Can someone point me to an article that does a good job of explaining the how and why of the Waldorf approach of delaying teaching reading?
I'm about to have a new part-time nanny help me 3 times a week, and while she is smart and eager, I am pretty sure the idea of delaying reading may seem odd to her. I'd love to point her to a good resource. I really do want to minimze the role of books at this point in my daughter's life (she's only 2), in favor of free play, lap games, songs, storytelling, etc. Our current nanny had an older daughter and was really, really into reading with her, and, as a result, our home became overrun with books, and it rubbed off on my daughter. It wasn't that big of a problem, but our days always seemed to flow better when I had put all the books out of sight during nap. The idea of delaying books makes total sense to me.
So, any ideas?
I'm not sure why you would to limit exposure to books. I think when people talk about delaying teaching reading, they are talking about delaying actual phonics or forced reading instruction. I can't think of any reason why a child should not be read TO, and in fact EVERYTHING I have read goes talk about the importance and benefits of reading frequently to children outloud.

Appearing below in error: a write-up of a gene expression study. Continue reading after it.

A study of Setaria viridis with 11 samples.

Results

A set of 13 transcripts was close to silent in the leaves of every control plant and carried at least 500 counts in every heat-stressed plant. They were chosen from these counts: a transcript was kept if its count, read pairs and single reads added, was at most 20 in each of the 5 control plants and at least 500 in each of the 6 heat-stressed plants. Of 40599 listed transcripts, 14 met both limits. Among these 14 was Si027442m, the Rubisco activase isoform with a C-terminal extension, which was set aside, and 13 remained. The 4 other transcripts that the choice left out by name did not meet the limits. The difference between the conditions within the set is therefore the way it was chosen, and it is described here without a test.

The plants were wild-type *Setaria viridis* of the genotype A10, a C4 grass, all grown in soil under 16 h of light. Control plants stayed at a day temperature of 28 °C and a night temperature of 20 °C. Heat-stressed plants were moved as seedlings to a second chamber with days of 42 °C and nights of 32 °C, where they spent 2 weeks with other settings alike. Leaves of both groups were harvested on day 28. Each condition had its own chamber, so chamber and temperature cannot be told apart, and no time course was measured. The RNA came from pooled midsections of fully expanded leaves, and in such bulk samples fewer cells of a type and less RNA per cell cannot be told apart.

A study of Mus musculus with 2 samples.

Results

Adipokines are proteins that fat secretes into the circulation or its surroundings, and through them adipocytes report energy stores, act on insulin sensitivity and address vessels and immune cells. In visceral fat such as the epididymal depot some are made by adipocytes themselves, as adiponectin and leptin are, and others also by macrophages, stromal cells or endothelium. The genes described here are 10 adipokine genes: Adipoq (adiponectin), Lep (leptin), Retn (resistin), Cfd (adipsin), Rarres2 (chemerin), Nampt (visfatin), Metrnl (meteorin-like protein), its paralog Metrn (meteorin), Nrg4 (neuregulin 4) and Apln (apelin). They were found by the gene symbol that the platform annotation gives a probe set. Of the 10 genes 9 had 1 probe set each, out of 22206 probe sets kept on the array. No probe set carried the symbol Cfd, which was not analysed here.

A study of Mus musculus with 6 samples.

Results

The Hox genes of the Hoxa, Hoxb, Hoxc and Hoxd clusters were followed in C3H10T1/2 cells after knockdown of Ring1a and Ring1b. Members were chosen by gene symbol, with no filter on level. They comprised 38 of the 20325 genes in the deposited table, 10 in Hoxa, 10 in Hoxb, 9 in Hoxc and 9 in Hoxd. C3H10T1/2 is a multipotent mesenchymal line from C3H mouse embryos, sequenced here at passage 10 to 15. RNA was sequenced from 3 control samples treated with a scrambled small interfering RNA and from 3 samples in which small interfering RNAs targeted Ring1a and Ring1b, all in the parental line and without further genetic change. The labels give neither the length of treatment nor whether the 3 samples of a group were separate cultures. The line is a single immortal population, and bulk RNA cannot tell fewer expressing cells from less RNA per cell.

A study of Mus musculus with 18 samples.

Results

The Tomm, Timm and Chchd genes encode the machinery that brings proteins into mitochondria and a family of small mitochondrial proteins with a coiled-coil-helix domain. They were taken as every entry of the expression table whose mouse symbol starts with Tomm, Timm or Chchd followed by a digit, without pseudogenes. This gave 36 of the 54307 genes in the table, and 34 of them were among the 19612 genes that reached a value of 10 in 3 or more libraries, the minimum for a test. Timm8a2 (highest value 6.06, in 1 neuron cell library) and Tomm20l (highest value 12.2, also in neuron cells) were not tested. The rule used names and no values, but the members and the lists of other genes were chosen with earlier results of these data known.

Homeschooling mom to 4
I think context is important. Of course it is wonderful to read to children, especially if the alternative in some households is TV or videogames. But I believe it is even better yet to do other interactive things with children, like singing with them, making up a story just for them, or telling a familiar fairy tale that has been learned by heart, especially when I think about toddlers.
These are blasphemous ideas to be sure! And I should point out I'm talking about a particular approach that I believe in and want to implement in my family, and I believe based on my exposure to Waldorf education is consistent with Waldorf philosophy. Others may disagree, but that debate is not really the point of my post, I was looking for something to explain all this more eloquently than I can. So, on that note, any resources?